America’s Mythology


I am a New Englander by birth and proud of it. I didn’t make it west of the Mississippi River until I was twenty-two. Nor did I watch many Westerns on television. My heroes were the Minutemen and the leaders of the civil rights movement. Mythology belonged to the Ancient Greeks and Romans; with a healthy dose of the Norse gods.

Then I went to graduate school in Texas, moved to Oklahoma with my husband, and later made it to Colorado. When I began writing, the heroine in my first book followed a similar path: she left Maine to go to medical school in Denver.

Along the way of falling in love with living in the West, I learned that the legend of the Wild West forms the basis of American mythology. Consider the following stock characters:

o Saloon girl: forced into prostitution against her will but with a heart of gold
o Mountain man: loner, fiercely independent, explorer
o Miner: always looking for the next strike
o Gambler: charming cad, willing to risk it all on the turn of a card
o Cowboy: Rough on the outside but a gentleman and a protector
o Texas Ranger: committed to justice. One Ranger is equal to a hundred of the enemy

Buffalo Bill introduced the Wild West to the world through his show; and artists such as Remington and Russell captured it with paint. It lives on in small mining and ranching towns. When we watch or read a western, we expect certain things. Think about it. Could How different would J.R. and Bobby Ewing be if they lived in Boston instead of Dallas? Of course a team called “Cowboys” became known as America’s team! No wonder Olympic uniforms often include Stetsons.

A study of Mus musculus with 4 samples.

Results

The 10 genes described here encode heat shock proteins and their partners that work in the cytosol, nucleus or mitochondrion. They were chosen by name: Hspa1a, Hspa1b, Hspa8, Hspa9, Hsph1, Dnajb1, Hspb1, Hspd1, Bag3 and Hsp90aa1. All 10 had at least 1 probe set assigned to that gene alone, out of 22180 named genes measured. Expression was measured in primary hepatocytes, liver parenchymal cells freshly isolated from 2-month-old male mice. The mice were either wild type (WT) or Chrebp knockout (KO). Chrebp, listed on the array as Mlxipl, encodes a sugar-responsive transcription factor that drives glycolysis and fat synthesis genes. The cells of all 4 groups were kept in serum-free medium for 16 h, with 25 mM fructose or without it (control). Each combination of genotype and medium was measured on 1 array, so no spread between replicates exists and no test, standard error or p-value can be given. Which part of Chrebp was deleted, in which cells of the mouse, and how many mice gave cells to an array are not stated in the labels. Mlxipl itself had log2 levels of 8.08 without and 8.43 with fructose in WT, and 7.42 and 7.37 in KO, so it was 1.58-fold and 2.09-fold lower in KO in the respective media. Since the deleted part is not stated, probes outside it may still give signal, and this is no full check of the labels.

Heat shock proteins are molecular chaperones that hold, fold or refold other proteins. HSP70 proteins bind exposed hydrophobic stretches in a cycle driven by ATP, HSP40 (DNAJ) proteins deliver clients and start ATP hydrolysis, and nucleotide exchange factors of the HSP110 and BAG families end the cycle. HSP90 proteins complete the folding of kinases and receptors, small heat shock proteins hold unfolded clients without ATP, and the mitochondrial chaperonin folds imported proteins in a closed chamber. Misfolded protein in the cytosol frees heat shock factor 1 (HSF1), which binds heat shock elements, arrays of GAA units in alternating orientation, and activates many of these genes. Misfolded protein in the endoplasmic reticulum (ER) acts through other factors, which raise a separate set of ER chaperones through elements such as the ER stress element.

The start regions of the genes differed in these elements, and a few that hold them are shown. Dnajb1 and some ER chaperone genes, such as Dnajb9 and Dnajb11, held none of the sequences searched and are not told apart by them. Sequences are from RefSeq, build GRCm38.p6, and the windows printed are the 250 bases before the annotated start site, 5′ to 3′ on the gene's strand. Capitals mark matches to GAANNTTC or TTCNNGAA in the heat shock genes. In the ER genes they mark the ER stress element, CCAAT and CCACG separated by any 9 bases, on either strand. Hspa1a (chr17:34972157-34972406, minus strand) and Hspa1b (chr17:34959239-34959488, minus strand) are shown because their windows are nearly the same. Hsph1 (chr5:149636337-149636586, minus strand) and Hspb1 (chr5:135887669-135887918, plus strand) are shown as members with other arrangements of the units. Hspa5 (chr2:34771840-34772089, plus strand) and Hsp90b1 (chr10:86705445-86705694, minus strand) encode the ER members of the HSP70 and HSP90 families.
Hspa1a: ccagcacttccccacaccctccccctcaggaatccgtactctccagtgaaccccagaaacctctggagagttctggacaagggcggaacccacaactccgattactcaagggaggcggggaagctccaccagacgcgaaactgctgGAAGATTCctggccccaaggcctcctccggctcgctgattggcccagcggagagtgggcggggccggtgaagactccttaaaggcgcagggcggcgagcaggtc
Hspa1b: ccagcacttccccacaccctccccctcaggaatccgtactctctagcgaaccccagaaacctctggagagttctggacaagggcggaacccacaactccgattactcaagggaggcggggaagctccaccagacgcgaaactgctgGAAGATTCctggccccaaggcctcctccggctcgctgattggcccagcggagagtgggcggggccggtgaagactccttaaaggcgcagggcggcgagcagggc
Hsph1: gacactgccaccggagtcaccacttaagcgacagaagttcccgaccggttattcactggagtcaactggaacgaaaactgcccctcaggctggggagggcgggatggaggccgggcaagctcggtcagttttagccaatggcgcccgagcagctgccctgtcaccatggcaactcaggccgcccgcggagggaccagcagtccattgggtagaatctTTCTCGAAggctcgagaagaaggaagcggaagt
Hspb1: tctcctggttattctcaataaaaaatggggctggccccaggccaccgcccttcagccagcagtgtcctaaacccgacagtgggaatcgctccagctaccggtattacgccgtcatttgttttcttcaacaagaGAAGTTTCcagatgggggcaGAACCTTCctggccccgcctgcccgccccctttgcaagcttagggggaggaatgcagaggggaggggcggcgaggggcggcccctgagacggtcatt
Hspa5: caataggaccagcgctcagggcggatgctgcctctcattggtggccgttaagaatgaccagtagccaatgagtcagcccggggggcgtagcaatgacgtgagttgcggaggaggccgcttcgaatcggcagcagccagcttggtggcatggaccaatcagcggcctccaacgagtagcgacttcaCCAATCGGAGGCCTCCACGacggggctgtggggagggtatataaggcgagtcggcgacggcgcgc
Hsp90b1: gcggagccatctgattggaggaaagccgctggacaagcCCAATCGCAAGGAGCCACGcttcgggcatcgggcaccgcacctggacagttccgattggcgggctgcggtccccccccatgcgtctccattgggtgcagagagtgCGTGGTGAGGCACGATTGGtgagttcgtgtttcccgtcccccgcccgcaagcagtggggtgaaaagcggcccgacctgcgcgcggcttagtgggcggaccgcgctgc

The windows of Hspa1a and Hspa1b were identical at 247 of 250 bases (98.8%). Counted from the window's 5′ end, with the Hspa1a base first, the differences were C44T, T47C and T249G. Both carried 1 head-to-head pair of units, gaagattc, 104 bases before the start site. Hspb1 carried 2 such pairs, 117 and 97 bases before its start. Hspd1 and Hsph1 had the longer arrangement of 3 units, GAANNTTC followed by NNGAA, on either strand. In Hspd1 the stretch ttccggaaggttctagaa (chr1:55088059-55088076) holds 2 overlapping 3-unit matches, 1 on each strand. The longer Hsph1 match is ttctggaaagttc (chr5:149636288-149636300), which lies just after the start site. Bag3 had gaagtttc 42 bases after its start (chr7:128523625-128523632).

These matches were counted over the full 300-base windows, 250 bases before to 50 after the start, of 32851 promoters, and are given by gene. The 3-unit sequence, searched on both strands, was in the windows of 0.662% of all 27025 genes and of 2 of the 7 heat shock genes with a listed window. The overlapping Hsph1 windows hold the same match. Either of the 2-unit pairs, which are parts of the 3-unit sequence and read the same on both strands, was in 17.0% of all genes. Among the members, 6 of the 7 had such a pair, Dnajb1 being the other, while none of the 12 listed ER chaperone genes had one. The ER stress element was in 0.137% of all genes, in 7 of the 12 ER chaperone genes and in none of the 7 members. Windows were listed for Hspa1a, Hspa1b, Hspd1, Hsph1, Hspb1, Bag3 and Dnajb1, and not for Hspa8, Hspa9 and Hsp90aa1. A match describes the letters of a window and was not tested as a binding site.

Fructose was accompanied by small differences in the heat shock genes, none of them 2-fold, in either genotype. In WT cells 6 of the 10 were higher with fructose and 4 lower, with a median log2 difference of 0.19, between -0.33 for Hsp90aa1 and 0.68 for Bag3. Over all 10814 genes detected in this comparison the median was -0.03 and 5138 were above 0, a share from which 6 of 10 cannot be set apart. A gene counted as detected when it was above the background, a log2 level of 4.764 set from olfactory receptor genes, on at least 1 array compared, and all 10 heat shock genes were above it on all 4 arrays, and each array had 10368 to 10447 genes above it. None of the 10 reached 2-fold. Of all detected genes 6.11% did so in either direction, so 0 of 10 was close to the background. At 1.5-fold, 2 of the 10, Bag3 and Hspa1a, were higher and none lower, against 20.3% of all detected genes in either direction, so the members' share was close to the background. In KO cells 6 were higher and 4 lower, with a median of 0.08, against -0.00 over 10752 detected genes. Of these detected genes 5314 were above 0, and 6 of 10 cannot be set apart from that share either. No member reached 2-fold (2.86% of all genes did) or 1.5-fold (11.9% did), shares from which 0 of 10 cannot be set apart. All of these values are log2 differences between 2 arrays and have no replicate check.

When Janette Oke wrote her first prairie romance, she opened the door for all of us. Christians, in particular, seem to have an insatiable desire for those larger-than-life characters. I have dipped into that fascination for several of my books, including my latest, A Ranger’s Trail in the Texas Trails series.

As writers, we may want to write about an earlier time (shout out to all of our colonial writers!) or a later time (anyone else there want to write about the 1950s?) We’d like to choose a different setting than Montana or Texas (or whatever state is the current flavor of the year).

But our readers hunger for the Wild West for good reason: They want faith-based stories during a time that brought out the best-and worst-of Americans.

Let us applaud and enjoy our heritage as we write about that most American of all heroes: the cowboy.

Darlene Franklin
is a Christian, mother, grandmother, and oh, yes, makes her living by writing books. She recently moved to Oklahoma City to be near her grandbabies. Her lynx point Siamese proudly claims Darlene as her human. She has written twenty books and had short articles published in twenty others.